THURSDAY, MARCH 23, 2023
Teaching American history: Go figure!
Somehow, Nicholas Kristof decided to run for governor of Oregon (his home state) without checking to see if he was eligible to do so under Oregon law.
It turned out that he wasn't! As evidenced by his column in today's New York Times, Oregon's loss was the journalistic world's gain.
Kristof writes from Tilonia, India. He isn't frisking the latest minutia concerning the round-the-clock effort to throw you-know-who in jail.
Instead, he's describing an attempt to create a better world for some good, decent people who deserve one. At the start of his column, he introduces to the kind of person who will never be mentioned on our self-impressed blue tribe's repulsive multimillionaure cable.
Headline included, he describes a good, decent person:
Can’t Read? Here’s a ‘Barefoot College’ for You.
TILONIA, India — It’s the Harvard of rural India, minus wingtips or heels: a 50-year-old institution called Barefoot College that offers lessons for empowering people worldwide. Maybe even in America.
Barefoot College does empowerment as well as any institution I’ve ever seen, and here’s what that looks like in the rural state of Rajasthan: An illiterate woman named Chota Devi who never attended a day of school is hunched over a circuit board, carefully using color-coded instructions to solder resistors and diodes into place.
Chota, who has no idea how old she is, is a Dalit, those at the bottom of the caste system once known as untouchables, and from a particularly low-ranking group called the Valmiki who often cleaned human waste.
“I will have more knowledge than my husband,” Chota noted slyly. When she goes home, villagers now call her “Madam.” It’s partly a joke, partly a show of respect.
Chota is a good, decent person. According to Kristof, she has five children, none of whom are currently attending school, but she wants that to change.
“I’m working with women who know how to read and write, so now I want my children to learn as well,” Kristof quotes her saying. You will never hear about people like this from our own blue tribe's millionaire hacks.
Chota is a Dalit, Kristof says. The leading authority on the topic offers this overview:
Dalit (from Sanskrit: meaning "broken/scattered"), also previously known as untouchable, is the lowest stratum of the castes in India. Dalits were excluded from the four-fold varna system of Hinduism and were seen as forming a fifth varna, also known by the name of Panchama. Dalits now profess various religious beliefs, including Hinduism, Buddhism, Sikhism, Christianity, and Islam. Scheduled Castes is the official term for Dalits as per the Constitution of India.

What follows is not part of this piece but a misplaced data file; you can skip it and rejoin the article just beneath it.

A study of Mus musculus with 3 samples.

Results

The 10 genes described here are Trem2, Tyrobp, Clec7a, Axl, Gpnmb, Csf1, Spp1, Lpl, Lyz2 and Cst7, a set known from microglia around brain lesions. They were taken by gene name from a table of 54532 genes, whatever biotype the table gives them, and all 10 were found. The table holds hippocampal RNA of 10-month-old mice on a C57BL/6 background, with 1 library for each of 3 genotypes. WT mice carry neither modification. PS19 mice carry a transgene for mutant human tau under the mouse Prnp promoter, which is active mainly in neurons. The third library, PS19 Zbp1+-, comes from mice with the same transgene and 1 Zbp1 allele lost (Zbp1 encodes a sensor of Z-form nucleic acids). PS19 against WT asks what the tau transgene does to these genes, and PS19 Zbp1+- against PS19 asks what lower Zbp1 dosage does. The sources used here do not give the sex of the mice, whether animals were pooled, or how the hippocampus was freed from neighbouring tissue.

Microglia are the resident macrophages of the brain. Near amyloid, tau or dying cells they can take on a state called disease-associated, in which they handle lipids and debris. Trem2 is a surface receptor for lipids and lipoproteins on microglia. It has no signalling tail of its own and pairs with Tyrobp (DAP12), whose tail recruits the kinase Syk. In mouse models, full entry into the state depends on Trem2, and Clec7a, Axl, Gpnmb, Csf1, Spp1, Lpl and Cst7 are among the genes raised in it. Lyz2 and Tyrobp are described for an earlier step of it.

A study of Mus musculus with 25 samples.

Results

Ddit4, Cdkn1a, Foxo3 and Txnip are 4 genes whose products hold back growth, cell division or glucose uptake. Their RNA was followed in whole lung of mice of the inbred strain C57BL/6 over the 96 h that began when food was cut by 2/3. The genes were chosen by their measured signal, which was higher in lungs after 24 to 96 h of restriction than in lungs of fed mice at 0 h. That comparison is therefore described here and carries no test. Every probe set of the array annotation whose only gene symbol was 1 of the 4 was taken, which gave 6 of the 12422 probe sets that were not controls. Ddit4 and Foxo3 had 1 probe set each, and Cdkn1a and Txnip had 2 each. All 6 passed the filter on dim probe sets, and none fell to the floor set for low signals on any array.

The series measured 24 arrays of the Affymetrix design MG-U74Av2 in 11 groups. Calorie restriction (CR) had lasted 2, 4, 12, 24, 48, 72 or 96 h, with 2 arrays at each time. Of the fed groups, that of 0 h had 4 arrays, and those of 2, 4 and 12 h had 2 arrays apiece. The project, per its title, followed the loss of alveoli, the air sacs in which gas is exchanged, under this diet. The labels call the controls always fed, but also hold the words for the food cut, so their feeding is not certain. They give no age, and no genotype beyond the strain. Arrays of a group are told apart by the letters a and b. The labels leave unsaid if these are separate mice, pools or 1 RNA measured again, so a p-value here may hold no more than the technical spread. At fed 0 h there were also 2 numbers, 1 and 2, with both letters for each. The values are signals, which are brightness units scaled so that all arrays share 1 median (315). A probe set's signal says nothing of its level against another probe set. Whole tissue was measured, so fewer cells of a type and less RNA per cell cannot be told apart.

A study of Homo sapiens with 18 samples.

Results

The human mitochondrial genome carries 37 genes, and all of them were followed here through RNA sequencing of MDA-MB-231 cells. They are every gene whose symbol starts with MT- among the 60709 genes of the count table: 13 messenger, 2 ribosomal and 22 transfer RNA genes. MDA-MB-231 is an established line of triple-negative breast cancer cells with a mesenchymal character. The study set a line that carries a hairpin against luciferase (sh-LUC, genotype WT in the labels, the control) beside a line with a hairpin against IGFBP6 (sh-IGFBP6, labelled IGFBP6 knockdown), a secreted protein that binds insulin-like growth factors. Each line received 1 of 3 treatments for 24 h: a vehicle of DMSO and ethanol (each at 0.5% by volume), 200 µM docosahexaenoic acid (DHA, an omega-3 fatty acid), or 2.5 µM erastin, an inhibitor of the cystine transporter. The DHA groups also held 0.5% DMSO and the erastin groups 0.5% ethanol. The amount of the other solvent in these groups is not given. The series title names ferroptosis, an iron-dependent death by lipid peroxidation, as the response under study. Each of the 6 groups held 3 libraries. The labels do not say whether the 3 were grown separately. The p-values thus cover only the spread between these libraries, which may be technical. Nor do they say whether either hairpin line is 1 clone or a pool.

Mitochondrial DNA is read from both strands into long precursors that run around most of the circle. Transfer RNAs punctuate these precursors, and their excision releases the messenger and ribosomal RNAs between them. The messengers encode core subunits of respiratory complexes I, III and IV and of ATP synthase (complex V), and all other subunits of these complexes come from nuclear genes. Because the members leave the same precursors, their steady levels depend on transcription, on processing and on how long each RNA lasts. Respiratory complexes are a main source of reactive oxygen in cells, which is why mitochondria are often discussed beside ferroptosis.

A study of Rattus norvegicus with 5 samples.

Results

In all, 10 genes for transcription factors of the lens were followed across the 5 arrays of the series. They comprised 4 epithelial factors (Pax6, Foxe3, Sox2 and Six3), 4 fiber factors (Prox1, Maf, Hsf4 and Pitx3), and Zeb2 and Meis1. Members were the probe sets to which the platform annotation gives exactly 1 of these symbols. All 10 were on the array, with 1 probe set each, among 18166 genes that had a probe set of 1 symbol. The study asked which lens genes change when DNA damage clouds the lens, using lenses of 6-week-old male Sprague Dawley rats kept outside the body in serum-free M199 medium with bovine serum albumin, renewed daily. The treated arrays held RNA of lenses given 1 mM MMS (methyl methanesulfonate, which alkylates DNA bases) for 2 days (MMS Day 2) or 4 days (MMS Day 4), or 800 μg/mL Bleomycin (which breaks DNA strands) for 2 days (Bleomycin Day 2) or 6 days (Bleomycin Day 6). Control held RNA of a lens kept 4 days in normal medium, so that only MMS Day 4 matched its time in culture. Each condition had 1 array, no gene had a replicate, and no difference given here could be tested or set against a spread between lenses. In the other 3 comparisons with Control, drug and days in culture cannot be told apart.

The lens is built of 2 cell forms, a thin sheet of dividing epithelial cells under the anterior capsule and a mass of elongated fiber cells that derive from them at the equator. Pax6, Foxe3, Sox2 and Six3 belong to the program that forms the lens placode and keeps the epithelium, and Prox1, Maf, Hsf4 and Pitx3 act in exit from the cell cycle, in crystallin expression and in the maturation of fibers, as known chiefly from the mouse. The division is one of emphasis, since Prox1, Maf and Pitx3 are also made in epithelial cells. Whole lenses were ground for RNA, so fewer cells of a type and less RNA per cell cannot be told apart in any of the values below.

The term Dalit is a self-applied concept for those called the "untouchables" and others that were outside of the traditional Hindu caste hierarchy. Economist and reformer B. R. Ambedkar (1891–1956) said that untouchability came into Indian society around 400 CE, due to the struggle for supremacy between Buddhism and Brahmanism (an ancient term for Brahmanical Hinduism)...
In the late 1880s, the Marathi word 'Dalit' was used by Mahatma Jotiba Phule for the outcasts and Untouchables who were oppressed and broken in the Hindu society. Dalit is a vernacular form of the Sanskrit... In Classical Sanskrit, this means "divided, split, broken, scattered."
Untouchability came into Indian society around the year 400. In our view, such facts should be an inherent part of teaching our brutal American history to our American public school kids at an appropriate age.
Our nation's brutal racial history is one part of the frequently brutal human history which has prevailed around the world since the dawn of time. To wit:
In this morning's New York Times, Troy Closson profiles a bunch of kids at Brooklyn Tech who are taking the College Board's Advanced Placement course in African American studies. The good, decent kids in that high school class deserve to know the global context of the brutal American history they're currently learning about.
Those good, decent kids will instantly know how to care about "the wretched of the earth." Kids like them are decent and good. They will want to be told about this.
Along the way, they will learn that the suffering inflicted on the American group with which they identify was part of a much wider human moral problem. You must resolve not to be this way, a trusted teacher may tell them.
Kids like them will understand the meaning of this larger lesson. On the other hand, you will never hear about any of this on the clown-like corporate "cable news" channel devoted to pimping the Storylines which please our own self-impressed tribe.
Let's save those good, decent kids from us and from our wretched instincts! Let's teach them about our world's history. We can guarantee that they'll care.
"We in America could learn from this approach in rural India," Kristof writes near the end of his column about Barefoot College. "The United States as well must do better providing training in technical skills to people who have been left behind."
The woods are lovely, dark and deep. Even within our infallible tribe, our instincts aren't always the best.